North State

Chico State

In an attempt to reduce exposure among students, faculty and staff, Chico State announced today it will suspend classes beginning Friday as health authorities monitor the first cases of Covid-19 in the North State.


On-line classes will not be affected. At this time, classes are scheduled to resume March 25. The move effectively adds three days to spring break, already scheduled for next week.

Getty Images

The Corona virus or Covid-19 has arrived in the North State with one confirmed case and two others awaiting lab results. 


The confirmed case is in Redding. Health officials in Shasta County say the patient, a man in his 50s, is recovering in isolation at home. Authorities believe the man contracted the ailment while traveling.


"The discussion about climate change can seem a little bit abstract sometimes. My question is: are there observable phenomena in our area that scientists can confidently attribute to climate change?" - Ken, Chico 

That’s a great question and one that perhaps is harder to answer definitively than at first glance. Science has a pretty high bar for declarative statements. That’s pretty much why gravity and evolution are often referred to as theories.

Now, we obviously lack polar ice caps or sea levels here in interior Northern California — the items typically measured, mentioned and argued over — but there are plenty of natural systems locally, and people keeping tabs.

Agriculture is huge in the North State, as are rain, snow and migrating wildlife, not to mention temperature records dating back to the late 19th century.

Officials backing a massive public works project planned for the North State are firing back after a state body’s evaluation gave the proposed Sites Reservoir dismal scores.

Backers of Sites, along with 10 of the other 11 proposals have filed official appeals with the California Water Commission, the group charged with ranking proposals vying for $2.7 billion worth of voter approved bond money for new water storage. 

Only the Nevada Irrigation District and its proposed Centennial Dam on the Bear River declined to appeal. 

Portrait by Joseph Karl Stieler

This week we return to the western foothills of the Sierra Nevada, California’s gold country, to meet more of the bold, sometimes brazen women who made their marks early on. Appropriately enough, the U.S. senator who introduced legislation that led to the Nineteenth Amendment (and women's right to vote) lived in Nevada City. World-class soprano Emma Nevada was another well-known native. Locally famous was gambler Eleanor "Madame Moustache" Dumont. Scandalous internationally was Lola Montez of adjacent Grass Valley.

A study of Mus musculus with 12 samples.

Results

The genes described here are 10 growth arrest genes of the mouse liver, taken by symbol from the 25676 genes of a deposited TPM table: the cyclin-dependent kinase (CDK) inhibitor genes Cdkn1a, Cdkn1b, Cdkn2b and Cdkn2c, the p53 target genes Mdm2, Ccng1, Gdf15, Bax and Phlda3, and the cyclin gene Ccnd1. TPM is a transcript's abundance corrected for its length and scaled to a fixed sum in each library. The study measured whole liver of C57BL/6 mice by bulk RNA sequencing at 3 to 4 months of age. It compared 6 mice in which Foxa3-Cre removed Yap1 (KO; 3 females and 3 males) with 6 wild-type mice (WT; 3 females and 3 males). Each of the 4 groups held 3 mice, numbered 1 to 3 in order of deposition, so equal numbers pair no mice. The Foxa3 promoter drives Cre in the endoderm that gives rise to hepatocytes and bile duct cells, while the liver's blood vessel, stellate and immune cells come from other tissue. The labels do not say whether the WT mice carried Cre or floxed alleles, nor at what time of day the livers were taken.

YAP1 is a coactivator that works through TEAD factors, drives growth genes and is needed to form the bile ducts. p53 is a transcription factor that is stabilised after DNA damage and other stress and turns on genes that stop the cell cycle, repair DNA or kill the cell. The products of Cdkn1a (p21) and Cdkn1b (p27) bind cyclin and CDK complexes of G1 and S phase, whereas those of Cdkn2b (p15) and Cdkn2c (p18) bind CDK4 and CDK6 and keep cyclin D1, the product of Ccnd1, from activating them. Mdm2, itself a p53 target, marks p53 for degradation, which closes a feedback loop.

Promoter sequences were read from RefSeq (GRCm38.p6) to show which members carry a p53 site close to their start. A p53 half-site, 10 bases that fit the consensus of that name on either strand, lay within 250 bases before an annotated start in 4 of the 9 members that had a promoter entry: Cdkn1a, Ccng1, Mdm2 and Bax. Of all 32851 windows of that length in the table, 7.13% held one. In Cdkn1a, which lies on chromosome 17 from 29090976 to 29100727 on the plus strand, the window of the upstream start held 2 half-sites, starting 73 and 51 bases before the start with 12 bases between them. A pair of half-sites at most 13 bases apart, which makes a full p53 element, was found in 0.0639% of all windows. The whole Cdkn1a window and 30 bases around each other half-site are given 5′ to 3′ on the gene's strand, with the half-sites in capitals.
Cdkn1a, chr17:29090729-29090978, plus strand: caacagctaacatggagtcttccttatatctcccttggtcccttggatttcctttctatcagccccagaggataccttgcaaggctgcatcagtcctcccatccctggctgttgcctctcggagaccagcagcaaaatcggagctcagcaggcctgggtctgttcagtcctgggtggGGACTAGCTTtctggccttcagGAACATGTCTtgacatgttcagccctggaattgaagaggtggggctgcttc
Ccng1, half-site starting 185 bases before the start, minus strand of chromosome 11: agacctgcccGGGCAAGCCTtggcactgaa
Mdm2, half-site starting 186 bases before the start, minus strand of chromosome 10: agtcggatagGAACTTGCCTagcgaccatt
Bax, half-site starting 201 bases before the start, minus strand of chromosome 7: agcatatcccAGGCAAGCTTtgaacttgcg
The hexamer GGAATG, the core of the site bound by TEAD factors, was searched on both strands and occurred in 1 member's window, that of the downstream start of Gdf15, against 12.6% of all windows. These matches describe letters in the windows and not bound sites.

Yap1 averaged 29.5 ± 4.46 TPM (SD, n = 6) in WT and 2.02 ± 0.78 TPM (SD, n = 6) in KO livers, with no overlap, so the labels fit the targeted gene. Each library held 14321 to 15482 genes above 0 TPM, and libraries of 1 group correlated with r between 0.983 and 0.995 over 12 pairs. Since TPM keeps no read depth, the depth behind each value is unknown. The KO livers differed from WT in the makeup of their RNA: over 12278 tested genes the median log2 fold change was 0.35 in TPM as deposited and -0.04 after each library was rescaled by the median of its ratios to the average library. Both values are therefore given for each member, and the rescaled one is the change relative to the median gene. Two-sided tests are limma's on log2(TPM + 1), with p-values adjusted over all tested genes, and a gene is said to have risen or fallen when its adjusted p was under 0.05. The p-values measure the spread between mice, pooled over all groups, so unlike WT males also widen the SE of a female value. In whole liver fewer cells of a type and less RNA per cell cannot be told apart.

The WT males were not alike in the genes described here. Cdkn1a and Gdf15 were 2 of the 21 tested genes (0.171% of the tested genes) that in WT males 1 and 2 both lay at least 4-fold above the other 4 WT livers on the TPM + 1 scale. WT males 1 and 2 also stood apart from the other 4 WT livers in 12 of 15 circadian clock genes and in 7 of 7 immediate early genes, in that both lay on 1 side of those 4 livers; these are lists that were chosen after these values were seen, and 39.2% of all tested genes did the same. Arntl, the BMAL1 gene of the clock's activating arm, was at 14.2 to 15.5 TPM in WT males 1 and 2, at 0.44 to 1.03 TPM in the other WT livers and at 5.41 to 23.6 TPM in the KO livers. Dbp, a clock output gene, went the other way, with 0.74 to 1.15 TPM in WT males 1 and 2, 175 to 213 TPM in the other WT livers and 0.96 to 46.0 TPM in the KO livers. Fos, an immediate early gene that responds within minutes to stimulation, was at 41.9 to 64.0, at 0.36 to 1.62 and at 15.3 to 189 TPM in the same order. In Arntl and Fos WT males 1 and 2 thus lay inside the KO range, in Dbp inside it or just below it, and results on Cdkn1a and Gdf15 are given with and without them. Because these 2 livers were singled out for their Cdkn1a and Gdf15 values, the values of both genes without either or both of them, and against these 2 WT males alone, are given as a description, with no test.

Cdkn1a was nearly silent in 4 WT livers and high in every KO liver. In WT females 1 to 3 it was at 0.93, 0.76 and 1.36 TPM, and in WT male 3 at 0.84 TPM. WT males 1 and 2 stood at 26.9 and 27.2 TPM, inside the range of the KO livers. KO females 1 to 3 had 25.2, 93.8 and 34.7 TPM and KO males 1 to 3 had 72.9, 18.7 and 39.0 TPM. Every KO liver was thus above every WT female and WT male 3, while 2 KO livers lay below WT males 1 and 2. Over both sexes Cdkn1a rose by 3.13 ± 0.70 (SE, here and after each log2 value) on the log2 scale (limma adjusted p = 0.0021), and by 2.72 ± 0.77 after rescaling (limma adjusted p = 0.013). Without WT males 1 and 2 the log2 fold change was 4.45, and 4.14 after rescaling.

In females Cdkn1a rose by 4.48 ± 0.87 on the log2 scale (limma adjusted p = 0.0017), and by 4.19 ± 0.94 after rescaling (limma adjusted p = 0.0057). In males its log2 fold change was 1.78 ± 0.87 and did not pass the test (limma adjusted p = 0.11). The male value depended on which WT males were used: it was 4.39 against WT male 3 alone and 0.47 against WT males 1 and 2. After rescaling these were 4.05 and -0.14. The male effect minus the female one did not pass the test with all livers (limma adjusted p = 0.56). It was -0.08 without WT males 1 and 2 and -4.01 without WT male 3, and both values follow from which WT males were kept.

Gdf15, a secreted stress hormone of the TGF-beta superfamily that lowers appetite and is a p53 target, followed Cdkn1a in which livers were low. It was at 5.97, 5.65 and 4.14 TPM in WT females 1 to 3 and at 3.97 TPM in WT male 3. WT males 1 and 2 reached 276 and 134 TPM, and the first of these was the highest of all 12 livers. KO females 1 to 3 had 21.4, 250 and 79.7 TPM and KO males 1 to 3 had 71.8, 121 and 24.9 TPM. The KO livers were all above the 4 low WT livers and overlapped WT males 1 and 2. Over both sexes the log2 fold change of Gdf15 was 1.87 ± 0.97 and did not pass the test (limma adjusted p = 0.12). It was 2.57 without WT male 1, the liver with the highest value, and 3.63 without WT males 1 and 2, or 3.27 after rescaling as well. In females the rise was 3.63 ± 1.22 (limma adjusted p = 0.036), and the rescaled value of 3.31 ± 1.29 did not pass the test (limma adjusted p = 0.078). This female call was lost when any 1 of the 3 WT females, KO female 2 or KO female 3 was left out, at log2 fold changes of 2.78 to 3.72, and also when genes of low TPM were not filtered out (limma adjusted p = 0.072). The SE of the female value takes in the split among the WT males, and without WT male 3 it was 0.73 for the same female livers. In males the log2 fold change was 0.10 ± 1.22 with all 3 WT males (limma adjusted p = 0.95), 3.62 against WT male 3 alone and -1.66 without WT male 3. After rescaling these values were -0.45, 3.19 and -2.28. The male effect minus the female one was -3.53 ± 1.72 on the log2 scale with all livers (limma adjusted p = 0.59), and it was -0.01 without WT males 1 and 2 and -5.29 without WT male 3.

Jeannie Stafford USFWS

We head up the road this week to Sage-Grouse country. California just happens to take in the far western edge of the Great Basin, high plateaus known for sagebrush and wide open spaces. California is the far edge of home for the Greater Sage-Grouse, which lives only in the West, nibbling at and nesting in sagebrush.

It may be mid-winter, but Cal Fire officials are urging the public to prepare for the blazing days of summer and fall. And fire season is no joke.

California fire victims have asked for nearly $12 billion in reimbursement from insurance companies just from fires occurring between October and December, according to figures released Wednesday by California Insurance Commissioner Dave Jones.

Marc Albert


According to the old saw, in California, whiskey is for drinking, and water is for fighting. 


And the fighting never seems to stop. 


Last night, the Federal Bureau of Reclamation held the final of three mandatory meetings to collect public comment on a new initiative announced in the fall: maximizing the amount of water delivered to San Joaquin Valley agriculture and cities farther south, maximizing electricity generated by hydropower at California’s dams and re-evaluating protections and consideration for creatures deemed threatened or endangered under the Endangered Species Act. 


After a weekend of suspense over the government shutdown, brinkmanship in Washington is on pause, if only for a couple of weeks.

After all the hoopla, North State Congressman Doug LaMalfa, was breathing an exhausted sigh of relief.

“It’s good to finally be past this silly, 72 hour mess,” he said.

But as the ink dries on this latest continuing resolution, the issues surrounding the impasse remain. LaMalfa had little praise for the process.

Librarians Wrangle Tech, Students, Books In Schools

Aug 3, 2017
Elizabeth Castillo

When Leslie Tharp agreed to work as the librarian for Red Bluff’s Vista Preparatory Academy, she didn’t realize she’d be the keeper of the school’s most popular technology.

“Imagine 30 kids coming in at lunchtime, all wanting to use the 3D printers,” she said. “It got a little bit crazy.”

Tharp’s library houses shelves stacked with books and posters promoting reading. But, it also has a communal space called a Makerspace. It combines manufacturing equipment, like the 3D printers, with education. While tech plays a role in a makerspace, Tharp said it’s about learning.